Lemon


An investment with poor results.

Lemon

1. Informal; an investment that performs exceptionally poorly, especially when the poor performance was completely unforeseen.

2. Informal; a product that does not perform as promised. For example, if one buys a car and it stops running on the way home from the dealership, that car is said to be a lemon.

lemon

A poorly performing investment. Many technology stocks became lemons during the 2000 and 2001 bear market.
The mineral reserve and resource estimates were conducted in-house by the Limon geological staff.
There are several areas near the Limon Mine with the potential to host additional gold deposits.
It is a "movement of struggle for dignity, to stop a monopoly, and prevent serious harm to the people of Limon," the union statement said.
Limon describes this process of cognitive blending as "theatrical osmosis" (60), and he resists understanding theater as a fictional mirror held up to nature; nor is the audience perception of a play simply a mirror image of what is implied on stage.
Chrissie Gittins and Helen Limon will be reading at the Day to Celebrate Children's Literature event in Newcastle University's Percy Building from 12.
One lucky lady and three friends will be invited to Glasgow by Bacardi Limon on June 9 and will start the day in true style with a shopping spree at Warehouse, where all four will select outfits for the ceremony.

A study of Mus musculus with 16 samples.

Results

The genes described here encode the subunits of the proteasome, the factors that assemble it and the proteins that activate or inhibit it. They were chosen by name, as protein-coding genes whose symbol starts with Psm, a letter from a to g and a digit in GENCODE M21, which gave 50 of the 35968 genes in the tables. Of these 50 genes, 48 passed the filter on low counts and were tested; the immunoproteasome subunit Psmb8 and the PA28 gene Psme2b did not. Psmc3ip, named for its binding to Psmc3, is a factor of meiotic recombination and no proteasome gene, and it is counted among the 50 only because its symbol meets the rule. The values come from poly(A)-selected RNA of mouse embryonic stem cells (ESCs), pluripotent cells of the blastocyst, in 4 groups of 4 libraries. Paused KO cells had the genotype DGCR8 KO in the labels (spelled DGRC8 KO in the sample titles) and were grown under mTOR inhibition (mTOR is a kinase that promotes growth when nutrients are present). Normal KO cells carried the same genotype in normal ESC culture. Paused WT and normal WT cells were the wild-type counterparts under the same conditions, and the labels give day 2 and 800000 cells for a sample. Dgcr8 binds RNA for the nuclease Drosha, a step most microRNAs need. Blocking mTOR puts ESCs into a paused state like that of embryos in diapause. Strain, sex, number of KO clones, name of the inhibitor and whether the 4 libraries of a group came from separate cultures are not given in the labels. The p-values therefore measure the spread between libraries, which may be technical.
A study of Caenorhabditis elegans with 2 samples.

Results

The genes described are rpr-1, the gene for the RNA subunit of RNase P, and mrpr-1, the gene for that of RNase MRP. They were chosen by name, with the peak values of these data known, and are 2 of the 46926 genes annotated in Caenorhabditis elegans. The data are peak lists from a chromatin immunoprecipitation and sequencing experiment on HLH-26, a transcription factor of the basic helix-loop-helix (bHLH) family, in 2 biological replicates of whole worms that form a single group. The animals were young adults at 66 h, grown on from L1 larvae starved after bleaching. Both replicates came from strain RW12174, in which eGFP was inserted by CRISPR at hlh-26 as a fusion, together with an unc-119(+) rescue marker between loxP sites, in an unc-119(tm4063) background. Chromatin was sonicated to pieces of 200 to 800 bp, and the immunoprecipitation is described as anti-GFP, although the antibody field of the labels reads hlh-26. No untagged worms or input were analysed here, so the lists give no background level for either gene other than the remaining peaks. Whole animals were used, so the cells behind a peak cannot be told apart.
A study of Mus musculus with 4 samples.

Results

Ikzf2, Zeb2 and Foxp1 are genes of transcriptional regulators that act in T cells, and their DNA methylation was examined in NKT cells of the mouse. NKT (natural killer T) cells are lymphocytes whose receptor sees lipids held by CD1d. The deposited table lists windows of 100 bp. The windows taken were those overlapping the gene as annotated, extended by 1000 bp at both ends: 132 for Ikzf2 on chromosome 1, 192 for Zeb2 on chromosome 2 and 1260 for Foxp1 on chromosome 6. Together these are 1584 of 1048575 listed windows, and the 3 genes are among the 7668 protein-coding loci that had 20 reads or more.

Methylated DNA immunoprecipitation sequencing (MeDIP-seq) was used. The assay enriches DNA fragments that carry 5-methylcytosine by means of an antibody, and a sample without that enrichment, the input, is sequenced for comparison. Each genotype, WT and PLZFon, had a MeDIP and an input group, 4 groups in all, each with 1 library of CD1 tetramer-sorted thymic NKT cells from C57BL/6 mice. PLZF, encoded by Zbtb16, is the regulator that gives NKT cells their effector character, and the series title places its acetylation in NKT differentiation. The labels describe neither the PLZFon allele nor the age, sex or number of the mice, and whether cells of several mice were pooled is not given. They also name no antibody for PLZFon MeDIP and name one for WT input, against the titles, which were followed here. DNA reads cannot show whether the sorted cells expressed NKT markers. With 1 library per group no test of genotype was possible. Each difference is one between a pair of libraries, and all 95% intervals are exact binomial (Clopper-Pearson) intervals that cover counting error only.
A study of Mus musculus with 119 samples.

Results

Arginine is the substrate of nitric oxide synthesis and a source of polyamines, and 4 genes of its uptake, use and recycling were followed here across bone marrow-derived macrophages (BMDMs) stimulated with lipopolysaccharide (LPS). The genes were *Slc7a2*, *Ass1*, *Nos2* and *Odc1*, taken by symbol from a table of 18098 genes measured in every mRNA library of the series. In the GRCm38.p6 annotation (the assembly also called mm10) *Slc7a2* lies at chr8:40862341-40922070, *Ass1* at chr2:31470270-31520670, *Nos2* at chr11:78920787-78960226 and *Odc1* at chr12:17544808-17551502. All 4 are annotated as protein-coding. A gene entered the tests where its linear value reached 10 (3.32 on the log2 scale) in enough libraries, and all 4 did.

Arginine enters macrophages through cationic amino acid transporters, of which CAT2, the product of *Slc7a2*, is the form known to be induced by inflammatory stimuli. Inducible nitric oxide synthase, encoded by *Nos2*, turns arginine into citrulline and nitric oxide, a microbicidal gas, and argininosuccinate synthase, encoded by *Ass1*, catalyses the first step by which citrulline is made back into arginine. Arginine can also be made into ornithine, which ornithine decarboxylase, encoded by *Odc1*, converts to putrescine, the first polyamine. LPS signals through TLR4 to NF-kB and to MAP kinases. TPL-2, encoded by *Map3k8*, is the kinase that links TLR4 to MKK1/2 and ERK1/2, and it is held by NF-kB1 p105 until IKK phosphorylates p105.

After September 11, they decided to have the refugee program undergo a security review," explains Limon.
Limon was, in contrast, adult manhood at its finest, a perfect mix of power and grace, tall and classically proportioned, in the Greek sense rather than the balletic--not to mention the Indian cheekbones, the rugged jawline.
Jerzy Limon writes in defense of Tybalt that he does not intend to kill Mercutio but instead thrusts awry when making every effort to avoid so much as scratching Romeo's sudden, third-party interposition between the two duelists.
Despite the naive assumption that war (or science, he adds) is uncontainable in literature, Limon follows with a fascinating proposition, also double-sided: not only does war constitute an invisible center of gravity for American literary history (shaping the classics of realism and modernism by its very absence), but when it is the overt subject of post-World War II and Vietnam-era novels, it is represented best by narrative indirection and failure, writing that is both performative extension of war and hyper-mediated evasion of it.
Thus the society which developed in Limon was an English-speaking enclave of white North American managers and black Jamaican workers, with a culture and history quite distinct from the rest of Costa Rica, although inevitably intertwined.
Cet article examine la reaction des dirigeants de la communaute antillaise et du gouvernement de Costa Rica devant la proliferation des sectes religieuses a Limon durant les annees trente.